This interview with Cadillac Johnson was taken from the book “Keith Ferguson – Texas Blues Bass” by Detlef Schmidt in October 2012. Cadillac Johnson was the bass player in ZZ Top prior to Dusty Hill joining the band. He played with Freddie Cisneros (Little Jr. One Hand) in their band The Blasting Caps at The Bluebird in Fort Worth, Texas. Cadillac returned to Houston to join Uncle John Turner and Alan Haynes in the original Step Children. Cadillac is now in full-time ministry and has a gospel/blues group, The Revelators, and lives in Fort Worth, Texas.
Mayor Betsy Price and several business and civic leaders spent a couple of days in Kansas City, Missouri, last week.
They were there to learn how the city also referred to as Cowtown is moving forward with education, entrepreneurship and collaboration.
They probably vowed to cooperate and share information, signed some memoranda, etc., as that’s how most of those things go. If so, they just should have said they were going to follow the example of Euday Bowman, a man who lived and made a career for himself in both Cowtowns.
The streets of Greenwich Village are drizzly wet and the street lamps make soft patterns in the puddles. It's so quiet you can hear the traffic lights change.
But as you approach the corner of 7th Avenue and West 10th Street, another sound pulls you foward. It's the sound of a drummer slapping cymbals and pounding his feet; a bass player thump-wah-thumping; a pianist splashing in rhythm; and a trumpet player blowing as if his life depended on it.
The club is called Smalls; the trumpeter is Roy Hargrove.
Any good songwriter knows when the muse strikes, write it down. For Ray Wylie Hubbard, it was maybe the 10,000th time he was driving southbound on Interstate 35 from New Braunfels toward San Antonio, passing Exit 182 at Engel Road and the so-big-you-can’t-miss-it sign that screamed “SNAKE FARM” in red and black letters. The words, meant to entice drivers to stop at the long-running roadside attraction, conjured the image of a farm full of snakes, and Hubbard physically shuddered.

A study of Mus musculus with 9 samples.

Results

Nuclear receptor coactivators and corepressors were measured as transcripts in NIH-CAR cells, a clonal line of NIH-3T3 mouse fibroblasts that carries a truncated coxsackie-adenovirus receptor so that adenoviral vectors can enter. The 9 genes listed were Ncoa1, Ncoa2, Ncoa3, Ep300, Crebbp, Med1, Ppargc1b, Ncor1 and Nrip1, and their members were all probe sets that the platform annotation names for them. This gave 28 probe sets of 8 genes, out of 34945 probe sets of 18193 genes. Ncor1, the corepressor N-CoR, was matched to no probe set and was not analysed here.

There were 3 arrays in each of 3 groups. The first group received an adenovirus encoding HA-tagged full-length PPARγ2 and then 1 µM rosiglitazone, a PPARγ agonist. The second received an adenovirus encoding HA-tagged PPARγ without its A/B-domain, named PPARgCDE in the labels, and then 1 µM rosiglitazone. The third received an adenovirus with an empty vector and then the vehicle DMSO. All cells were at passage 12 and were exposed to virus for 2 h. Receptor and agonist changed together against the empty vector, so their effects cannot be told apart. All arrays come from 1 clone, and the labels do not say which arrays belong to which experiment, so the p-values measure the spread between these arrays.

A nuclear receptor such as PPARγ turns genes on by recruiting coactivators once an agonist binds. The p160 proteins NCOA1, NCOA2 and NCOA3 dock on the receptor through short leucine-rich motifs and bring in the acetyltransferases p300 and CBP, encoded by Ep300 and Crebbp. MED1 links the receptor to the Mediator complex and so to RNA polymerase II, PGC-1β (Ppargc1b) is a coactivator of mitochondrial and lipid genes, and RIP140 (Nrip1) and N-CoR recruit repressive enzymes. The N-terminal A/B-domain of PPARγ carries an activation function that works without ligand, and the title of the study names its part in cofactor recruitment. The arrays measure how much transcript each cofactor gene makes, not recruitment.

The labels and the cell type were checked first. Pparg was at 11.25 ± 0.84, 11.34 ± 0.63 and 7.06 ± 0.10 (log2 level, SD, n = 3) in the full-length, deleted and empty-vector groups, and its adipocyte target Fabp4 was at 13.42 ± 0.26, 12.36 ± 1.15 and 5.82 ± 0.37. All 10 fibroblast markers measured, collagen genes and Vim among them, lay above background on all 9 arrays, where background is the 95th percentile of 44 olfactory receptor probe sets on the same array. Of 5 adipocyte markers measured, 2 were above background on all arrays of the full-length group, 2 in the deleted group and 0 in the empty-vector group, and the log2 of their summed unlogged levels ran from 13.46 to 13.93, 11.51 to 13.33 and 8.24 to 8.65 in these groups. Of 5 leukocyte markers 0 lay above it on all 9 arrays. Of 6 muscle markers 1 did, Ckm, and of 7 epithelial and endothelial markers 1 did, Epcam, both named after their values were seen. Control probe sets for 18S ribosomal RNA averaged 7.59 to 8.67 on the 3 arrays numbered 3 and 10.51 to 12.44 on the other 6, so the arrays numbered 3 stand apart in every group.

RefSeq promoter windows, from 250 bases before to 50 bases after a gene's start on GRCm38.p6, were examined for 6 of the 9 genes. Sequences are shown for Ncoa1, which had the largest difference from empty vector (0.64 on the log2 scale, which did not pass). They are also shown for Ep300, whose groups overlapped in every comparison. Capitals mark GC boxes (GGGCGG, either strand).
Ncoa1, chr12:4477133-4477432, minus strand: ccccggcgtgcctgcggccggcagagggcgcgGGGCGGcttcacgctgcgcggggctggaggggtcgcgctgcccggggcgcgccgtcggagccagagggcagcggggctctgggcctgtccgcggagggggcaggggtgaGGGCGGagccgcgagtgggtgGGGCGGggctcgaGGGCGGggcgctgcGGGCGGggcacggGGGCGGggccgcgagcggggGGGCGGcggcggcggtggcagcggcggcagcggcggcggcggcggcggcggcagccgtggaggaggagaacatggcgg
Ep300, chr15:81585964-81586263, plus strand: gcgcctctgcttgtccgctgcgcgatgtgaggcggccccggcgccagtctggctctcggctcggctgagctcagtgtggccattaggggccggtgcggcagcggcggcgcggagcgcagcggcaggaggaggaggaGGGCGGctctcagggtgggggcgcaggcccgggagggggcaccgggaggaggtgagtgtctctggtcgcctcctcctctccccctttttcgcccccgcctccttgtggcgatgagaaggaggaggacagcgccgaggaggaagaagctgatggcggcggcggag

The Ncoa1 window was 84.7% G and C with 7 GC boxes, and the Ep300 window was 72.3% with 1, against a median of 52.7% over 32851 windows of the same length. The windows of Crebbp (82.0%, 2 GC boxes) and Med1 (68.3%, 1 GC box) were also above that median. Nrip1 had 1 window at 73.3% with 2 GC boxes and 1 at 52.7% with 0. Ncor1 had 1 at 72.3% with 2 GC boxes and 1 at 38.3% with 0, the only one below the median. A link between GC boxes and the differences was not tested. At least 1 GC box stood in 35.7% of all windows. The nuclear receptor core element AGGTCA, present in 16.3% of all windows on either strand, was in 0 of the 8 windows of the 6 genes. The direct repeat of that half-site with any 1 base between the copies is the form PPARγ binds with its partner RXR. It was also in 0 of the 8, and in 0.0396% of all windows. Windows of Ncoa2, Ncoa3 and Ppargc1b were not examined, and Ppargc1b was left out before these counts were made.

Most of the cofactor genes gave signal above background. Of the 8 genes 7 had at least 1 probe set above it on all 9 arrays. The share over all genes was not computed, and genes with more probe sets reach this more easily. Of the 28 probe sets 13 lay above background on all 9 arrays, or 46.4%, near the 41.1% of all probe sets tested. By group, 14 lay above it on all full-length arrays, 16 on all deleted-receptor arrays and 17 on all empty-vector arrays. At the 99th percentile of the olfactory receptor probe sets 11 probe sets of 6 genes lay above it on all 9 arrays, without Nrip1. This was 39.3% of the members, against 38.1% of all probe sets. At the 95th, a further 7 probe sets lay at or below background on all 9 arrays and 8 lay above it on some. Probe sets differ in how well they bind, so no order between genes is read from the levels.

Mike Buck is a cornerstone of Texas roots music. He played with damn near every Blues and Rockabilly legend during his early years and at the beginning of the 21st Century has backed many of the younger musicians. He's the living thread that keeps it a viable musical form. Like most of his generation Blues, Rock 'n' Roll and Country were all around as a kid. The similarities were readily apparent and there was very little separation of styles.
A small news segment As seen originally on www.wfaa.com.
A FOREWORD, OF SORTS...
I have to laugh when I think of how many people, including those in the music industry, considered Space Opera one of Canada's best rock exports. It is understandable, as the only information on the jacket and inner sleeve besides lyrics and personnel had to do with mixing and mastering (Crystal Sound, Hollywood) and recording (Manta Sound, Toronto). The natural assumption was that the band was Canada's own, for who outside of Canada would go out of their way to record there? How little we know.